Paul Butler | We Carry Our Own Weather

Paul Butler: Going the Extra Mile

Have you noticed how some people carry their own weather with them? Sadly, some seem to live life under a perpetual cloud of misery and moaning. What makes matters worse is when such people want to bag, bundle and bring all that darkness into the workplace.  

I can only think of a workplace woe that’s even sadder and that’s when that person is given explicit, formal authority to supervise the work of others. It’s not so much “super” vision that gives the orders for day but rather their subordinates receive “no” vision.  

My observation of the working miserable is they’re reactive rather than proactive. The reason they usually lack vision is they can’t see into the future as they’re all bent out of shape with the toil and trouble of today, and haven’t come to peace that yesterday has passed.  

I remember working for a senior leader in one job when we first moved to this great and glorious country. I don’t think I ever saw him smile — not once. I remember driving home looking at the blue skies and the palm trees swaying in the early evening sunshine wondering what makes someone so miserable when he has so much to be grateful for. 

Recently I heard an employee bemoaning the time change as he claimed it takes him at least a week or two to struggle through the confusion of his world being upside down by one whole hour. Are you kidding me? In our home, we turned the clocks forward and called it a night one hour earlier and sprung forth the following day. What’s to moan about?  

I’m no psychologist but I think I’ve come to agree with the proverb that claims that as we think, we are. So, if we think negative, we tend to speak negative. If we look for problems in this life, we are sure to find them. When we huff and puff and complain about the minors, they become majors.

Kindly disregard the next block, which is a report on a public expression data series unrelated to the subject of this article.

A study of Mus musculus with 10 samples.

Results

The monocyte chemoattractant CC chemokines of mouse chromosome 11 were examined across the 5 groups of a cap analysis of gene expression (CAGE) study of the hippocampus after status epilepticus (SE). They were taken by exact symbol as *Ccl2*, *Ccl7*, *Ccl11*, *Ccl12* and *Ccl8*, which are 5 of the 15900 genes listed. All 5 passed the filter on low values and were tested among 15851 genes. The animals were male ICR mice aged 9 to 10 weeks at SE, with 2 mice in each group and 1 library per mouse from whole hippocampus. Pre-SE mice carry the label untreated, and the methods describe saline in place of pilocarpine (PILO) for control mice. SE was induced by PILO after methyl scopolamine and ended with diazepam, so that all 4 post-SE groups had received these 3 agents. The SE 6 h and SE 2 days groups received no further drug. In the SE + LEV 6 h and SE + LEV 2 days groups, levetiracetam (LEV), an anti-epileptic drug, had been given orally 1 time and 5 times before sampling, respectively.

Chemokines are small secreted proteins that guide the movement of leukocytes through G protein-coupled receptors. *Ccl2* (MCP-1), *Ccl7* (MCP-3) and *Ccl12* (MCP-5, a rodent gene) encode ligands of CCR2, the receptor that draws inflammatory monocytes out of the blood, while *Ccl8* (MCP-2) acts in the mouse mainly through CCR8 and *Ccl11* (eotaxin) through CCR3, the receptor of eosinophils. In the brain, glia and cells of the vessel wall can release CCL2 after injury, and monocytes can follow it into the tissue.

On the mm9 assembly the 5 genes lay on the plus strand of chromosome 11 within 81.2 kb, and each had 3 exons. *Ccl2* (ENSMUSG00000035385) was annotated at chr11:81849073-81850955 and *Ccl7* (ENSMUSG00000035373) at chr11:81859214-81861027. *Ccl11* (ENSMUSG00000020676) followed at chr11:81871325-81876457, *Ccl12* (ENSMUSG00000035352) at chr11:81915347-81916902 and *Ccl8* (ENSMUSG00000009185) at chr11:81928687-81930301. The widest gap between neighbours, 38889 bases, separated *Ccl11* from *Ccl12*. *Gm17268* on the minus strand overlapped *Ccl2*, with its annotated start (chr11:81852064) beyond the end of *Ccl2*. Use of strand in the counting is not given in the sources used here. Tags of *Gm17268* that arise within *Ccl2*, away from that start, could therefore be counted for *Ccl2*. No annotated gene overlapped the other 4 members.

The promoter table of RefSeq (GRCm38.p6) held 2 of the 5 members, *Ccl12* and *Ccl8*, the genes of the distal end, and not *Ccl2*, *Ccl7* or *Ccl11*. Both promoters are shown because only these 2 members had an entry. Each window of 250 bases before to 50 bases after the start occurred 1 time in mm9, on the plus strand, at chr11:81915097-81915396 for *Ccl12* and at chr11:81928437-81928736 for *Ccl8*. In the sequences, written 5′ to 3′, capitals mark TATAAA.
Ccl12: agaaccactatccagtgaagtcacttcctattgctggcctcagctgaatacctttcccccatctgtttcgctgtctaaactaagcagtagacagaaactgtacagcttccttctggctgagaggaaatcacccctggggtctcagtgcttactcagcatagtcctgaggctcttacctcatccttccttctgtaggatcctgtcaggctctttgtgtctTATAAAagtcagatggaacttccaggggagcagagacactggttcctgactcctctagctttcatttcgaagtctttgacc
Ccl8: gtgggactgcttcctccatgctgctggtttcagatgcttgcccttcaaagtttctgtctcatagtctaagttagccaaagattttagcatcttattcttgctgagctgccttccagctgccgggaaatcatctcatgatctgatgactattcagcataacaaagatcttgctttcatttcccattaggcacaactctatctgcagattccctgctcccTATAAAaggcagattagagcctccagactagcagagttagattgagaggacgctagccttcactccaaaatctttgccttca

Rather callously but I must say, rather honestly, I heard someone say once: “Don’t keep complaining about your woes — 90% of people don’t really care and the other 10% are quite pleased you feel as bad about life as they do.”  

I’m not sure I agree wholeheartedly with that sentiment as my belief system is there is a time to weep and to genuinely console others, but surely our default operating mode ought to be joy? 

I love living and working in the United States but I think most Americans don’t realize what a wonderful country this is. Our workplaces are built upon the foundations of a rule of law; justice for all and that if you work hard and do the right thing — you are more or less guaranteed you will have a good working life.  

I’ve worked in other parts of the world where these first principles are not in the employee handbook — where class and caste systems keep the lowly in their wrongful place and where if people fall sick on the job, they’re simply cast out and replaced with no compassion for unfit labor. 

They always say a measure of a great country is when more people want to get in than get out and I say that’s also true of a great place to work. See, wonderful workplaces aren’t concerned with attracting and retaining talent because their culture serves as magnetic glue. 

Culture is people and great organizations recruit, promote and reward what they want — positive people and leaders of high character and competence. They focus on the good. They have no time for negative naysayers who make little to no contribution.  

One of the wonderful aspects of our humanity is that our future doesn’t have to be our past, as we can choose to change in the present. I am excited about what this country has done and can do. I am excited about what the workplaces of this nation have created and can create. I am excited about working with people who choose to carry their own weather with them.  

Yes, they’ll always be rainy and stormy days, but come on — we’re in Southern California… it’ll soon blow over. Let’s get to work.  

Paul Butler is a Santa Clarita resident and a client partner with Newleaf Training and Development of Valencia ( For questions or comments, email Butler at [email protected].